The Order: 1886 developer Ready at Dawn's upcoming physics-based multiplayer arena brawler De-formers is a big departure from the studio's steampunk flagship title. A multiplatform (PS4, Xbox One and PC) offering published as part of GameStop's recently announced GameTrust initiative, De-formers, is a mix of lots of elements from beloved games cobbled together into something that looks familiar, yet strangely hard to pin down.
This third-person competitive game about a bunch of rolling round creatures trying to knock each other out mixes the bashing mechanics of Super Smash Bros. with the physics-based mayhem of Gang Beats, then combines it with the whacked out controls of Super Monkey Ball and the skill-based shooting of Twisted Metal. It's bonafide bonkers and about as far away as you could get from the immaculately detailed but ultimately conventional The Order: 1886.
Gone are the finely groomed yet gritty action action heroes, the glistening rain-slicked cobblestone alleys, and the sputtering crackle of archaic 19th century firearms. Instead De-formers focuses on freakish, spherical amphibians trying to obliterate each other in brightly coloured play pens.
The key to De-formers is its brisk, balanced economy of manoeuvres. Players roll around curvy, sometimes tilting, battlegrounds and are given three ways to demolish an opponent: Ram into them, shoot them, or throw them off the edge. Yet each method is risky. You can't pick someone up if they're moving around too much. Charging up your boost to slam into an opponent leaves you vulnerable to enemy fire. Meanwhile, projectile attacks and bashes can be blocked by condensing oneself into an immobile cubic shield form.
Beyond that, a character's size and power is tied to their ammo count. If you snatch up a bunch of shimmering gold bullets (called tribs) you'll increase in girth, meaning you'll slam into foes with greater force. So every time you shoot you're trading off brute physical force for long range attacks.
It's a simple set of moves, making it easily accessible, but there's plenty of tactical depth. "You have your grab, you have your charge, you have your shielding. Each one is designed to nullify the other. So you always have a different options," game director and studio co-founder Andrea Pessino tells me at a recent visit to Ready at Dawn's Irvine studio.
While De-formers looks as different from The Order as you can imagine, the foundation for this blubbery brawler was buried within The Order's DNA. Both games use the studio's proprietary engine and Pessino explains that while developing The Order Ready at Dawn came upon some "very unique physics technology", which was mostly relegated to cosmetic effects in the linear third-person shooter. "We didn't have the opportunity to really show off what the 'soft body system' could do and some of the very unique features of it."
"From the beginning we wanted it to be melee-based," Pessino says of the studio's upcoming left-field experiment. "It fits with the fact that it's 100 per cent based on physics. There's not a single animation in the game. Everything is simulated."
This wasn't a new idea for Pessino, either, as he'd had the vision for De-formers since 1989 when he saw the Academy Award-winning German stop-motion animated short Balance, in which a group of fishermen methodically arrange themselves on a platform teetering on the edge of a ravine. "They always have to collaborate and participate every time one of them moves," Pessino says. "I remember seeing this beautiful short and thinking 'that's a game!'"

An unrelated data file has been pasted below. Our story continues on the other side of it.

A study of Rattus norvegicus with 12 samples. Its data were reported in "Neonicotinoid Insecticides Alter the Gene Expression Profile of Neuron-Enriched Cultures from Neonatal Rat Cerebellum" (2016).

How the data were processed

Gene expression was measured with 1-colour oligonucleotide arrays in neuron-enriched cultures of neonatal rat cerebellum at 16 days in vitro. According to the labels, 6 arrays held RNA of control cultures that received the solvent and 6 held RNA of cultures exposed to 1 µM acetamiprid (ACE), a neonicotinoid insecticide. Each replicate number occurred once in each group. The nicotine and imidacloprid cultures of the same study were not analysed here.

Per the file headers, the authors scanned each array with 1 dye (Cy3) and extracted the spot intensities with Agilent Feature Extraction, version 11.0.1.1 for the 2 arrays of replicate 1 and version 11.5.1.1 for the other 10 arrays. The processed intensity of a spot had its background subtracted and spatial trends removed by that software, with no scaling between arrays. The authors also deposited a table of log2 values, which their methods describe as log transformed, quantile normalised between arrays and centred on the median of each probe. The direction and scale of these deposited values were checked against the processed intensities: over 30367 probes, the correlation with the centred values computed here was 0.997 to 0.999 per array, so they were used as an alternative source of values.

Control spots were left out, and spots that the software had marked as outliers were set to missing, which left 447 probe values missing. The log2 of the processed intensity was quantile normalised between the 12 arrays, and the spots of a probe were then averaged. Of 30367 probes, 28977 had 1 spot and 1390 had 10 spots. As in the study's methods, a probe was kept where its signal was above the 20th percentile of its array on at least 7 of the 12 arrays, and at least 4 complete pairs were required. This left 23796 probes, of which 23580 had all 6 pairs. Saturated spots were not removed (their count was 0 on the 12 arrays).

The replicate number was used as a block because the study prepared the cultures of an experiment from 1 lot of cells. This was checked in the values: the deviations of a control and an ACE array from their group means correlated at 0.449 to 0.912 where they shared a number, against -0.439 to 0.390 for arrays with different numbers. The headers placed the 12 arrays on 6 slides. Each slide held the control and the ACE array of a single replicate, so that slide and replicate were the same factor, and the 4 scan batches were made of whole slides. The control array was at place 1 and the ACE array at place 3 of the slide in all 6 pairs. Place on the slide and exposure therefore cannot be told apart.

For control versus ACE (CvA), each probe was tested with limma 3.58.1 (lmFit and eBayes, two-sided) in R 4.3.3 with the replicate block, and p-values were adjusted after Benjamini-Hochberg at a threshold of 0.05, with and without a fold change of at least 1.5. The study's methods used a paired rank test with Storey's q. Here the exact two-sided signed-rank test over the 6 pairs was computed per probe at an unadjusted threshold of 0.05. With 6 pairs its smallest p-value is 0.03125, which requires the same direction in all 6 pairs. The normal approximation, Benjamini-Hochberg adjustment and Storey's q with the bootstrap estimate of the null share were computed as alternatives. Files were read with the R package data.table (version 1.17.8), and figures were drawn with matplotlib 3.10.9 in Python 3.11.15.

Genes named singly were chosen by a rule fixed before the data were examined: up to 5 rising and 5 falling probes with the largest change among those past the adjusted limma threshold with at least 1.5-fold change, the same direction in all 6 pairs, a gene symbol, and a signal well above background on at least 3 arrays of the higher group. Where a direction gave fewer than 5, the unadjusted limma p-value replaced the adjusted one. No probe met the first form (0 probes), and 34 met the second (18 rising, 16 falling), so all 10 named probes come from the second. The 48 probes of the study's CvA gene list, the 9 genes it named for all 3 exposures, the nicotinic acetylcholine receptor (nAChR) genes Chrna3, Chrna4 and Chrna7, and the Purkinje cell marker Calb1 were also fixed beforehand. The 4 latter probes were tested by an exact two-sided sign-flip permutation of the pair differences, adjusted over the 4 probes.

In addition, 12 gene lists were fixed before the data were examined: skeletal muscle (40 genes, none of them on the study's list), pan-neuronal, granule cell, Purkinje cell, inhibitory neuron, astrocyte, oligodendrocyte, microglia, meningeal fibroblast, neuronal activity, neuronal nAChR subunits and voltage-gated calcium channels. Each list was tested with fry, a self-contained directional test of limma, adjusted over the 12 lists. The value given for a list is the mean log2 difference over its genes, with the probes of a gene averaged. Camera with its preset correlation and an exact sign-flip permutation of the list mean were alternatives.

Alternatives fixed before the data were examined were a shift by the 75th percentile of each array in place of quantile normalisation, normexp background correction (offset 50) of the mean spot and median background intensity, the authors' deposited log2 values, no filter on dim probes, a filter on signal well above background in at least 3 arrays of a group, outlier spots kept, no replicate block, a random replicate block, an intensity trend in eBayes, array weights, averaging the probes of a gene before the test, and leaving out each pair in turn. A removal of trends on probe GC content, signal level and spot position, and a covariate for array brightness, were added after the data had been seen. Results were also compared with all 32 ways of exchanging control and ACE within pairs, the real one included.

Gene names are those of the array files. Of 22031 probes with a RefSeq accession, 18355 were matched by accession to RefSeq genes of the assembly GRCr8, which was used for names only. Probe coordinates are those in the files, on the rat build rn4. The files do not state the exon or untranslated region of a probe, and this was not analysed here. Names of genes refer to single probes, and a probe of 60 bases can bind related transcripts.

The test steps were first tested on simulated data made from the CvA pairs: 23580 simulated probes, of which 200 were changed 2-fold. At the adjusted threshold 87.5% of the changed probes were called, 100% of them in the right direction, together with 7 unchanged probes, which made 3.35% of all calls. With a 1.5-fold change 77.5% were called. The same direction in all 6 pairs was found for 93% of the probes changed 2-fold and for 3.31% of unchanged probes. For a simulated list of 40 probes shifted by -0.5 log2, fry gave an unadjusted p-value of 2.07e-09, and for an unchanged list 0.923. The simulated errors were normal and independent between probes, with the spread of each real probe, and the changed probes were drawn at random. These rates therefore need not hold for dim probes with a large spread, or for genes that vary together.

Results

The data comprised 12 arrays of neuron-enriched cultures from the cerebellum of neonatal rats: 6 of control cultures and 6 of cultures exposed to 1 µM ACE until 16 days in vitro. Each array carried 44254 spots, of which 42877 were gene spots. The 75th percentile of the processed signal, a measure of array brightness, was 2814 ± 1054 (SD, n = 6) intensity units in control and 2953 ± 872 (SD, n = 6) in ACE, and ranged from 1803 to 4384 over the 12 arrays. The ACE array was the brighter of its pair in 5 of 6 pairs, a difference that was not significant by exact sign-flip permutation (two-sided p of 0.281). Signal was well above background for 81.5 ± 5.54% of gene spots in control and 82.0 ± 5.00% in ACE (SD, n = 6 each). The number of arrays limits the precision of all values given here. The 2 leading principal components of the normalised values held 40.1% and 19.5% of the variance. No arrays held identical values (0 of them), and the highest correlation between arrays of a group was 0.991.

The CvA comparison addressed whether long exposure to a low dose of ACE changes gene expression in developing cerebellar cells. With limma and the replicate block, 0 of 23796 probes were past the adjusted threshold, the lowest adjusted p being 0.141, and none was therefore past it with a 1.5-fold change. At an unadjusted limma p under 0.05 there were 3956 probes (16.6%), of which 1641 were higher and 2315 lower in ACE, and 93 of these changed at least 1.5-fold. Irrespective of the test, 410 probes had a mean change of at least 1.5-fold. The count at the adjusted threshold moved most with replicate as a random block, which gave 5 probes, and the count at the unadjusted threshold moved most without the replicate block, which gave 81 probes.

So he tried making a prototype for it in 1991 on the 3DO. "I didn't have the technology or the expertise or the team," he recalls. "We tried one more time here in the mid 2000s, but we had more or less the same problems and did not pursue it."
Pessino didn't pick it up again until the summer of 2014, where he tinkered with a prototype in his off-time. Eventually he roped in another colleague to help out with it, but for the first few months it was only the two of them on it. But the project picked up steam within the office. People wanted to play it. By the end of 2015 the De-formers team had grown to 20.
Yet it was in its earlier days, about a year ago, that GameStop got involved. Browsing titles for its then-unannounced publishing initiative, the retailer saw the De-formers' prototype and was instantly smitten with the idea. "It's just fun," GameStop VP of internal development & diversification Mark Stanley tells me. "And it appeals to everybody. We kept using the 'nobody's allergic to it' line. It really is pick-up-and-go regardless of your level of skill. It's a wide audience that will love this."
Ready at Dawn co-founder and chief creative officer Ru Weerasuriya says the publishing arrangement was "the right partner at exactly the right time with the right project." After all, GameStop gets to diversify its portfolio, while Ready at Dawn gets funding for its pet project along with the added perk of keeping the De-formers IP.
De-formers is, for better or worse, something different and it certainly gets points for originality. It doesn't play like anything else out there and it's relatively accessible with various customisation options. Four-player split-screen is planned and Pessino tells me you can play three-vs-five or six-vs-two if you'd like. Apparently the two most skilled QA testers were able to defeat a team of six (Pessino, who was on the losing team, points out that they had more targets to go after). De-formers is a fittingly deformed take on the arena multiplayer genre and its freakish nature could make for a fascinating sideshow.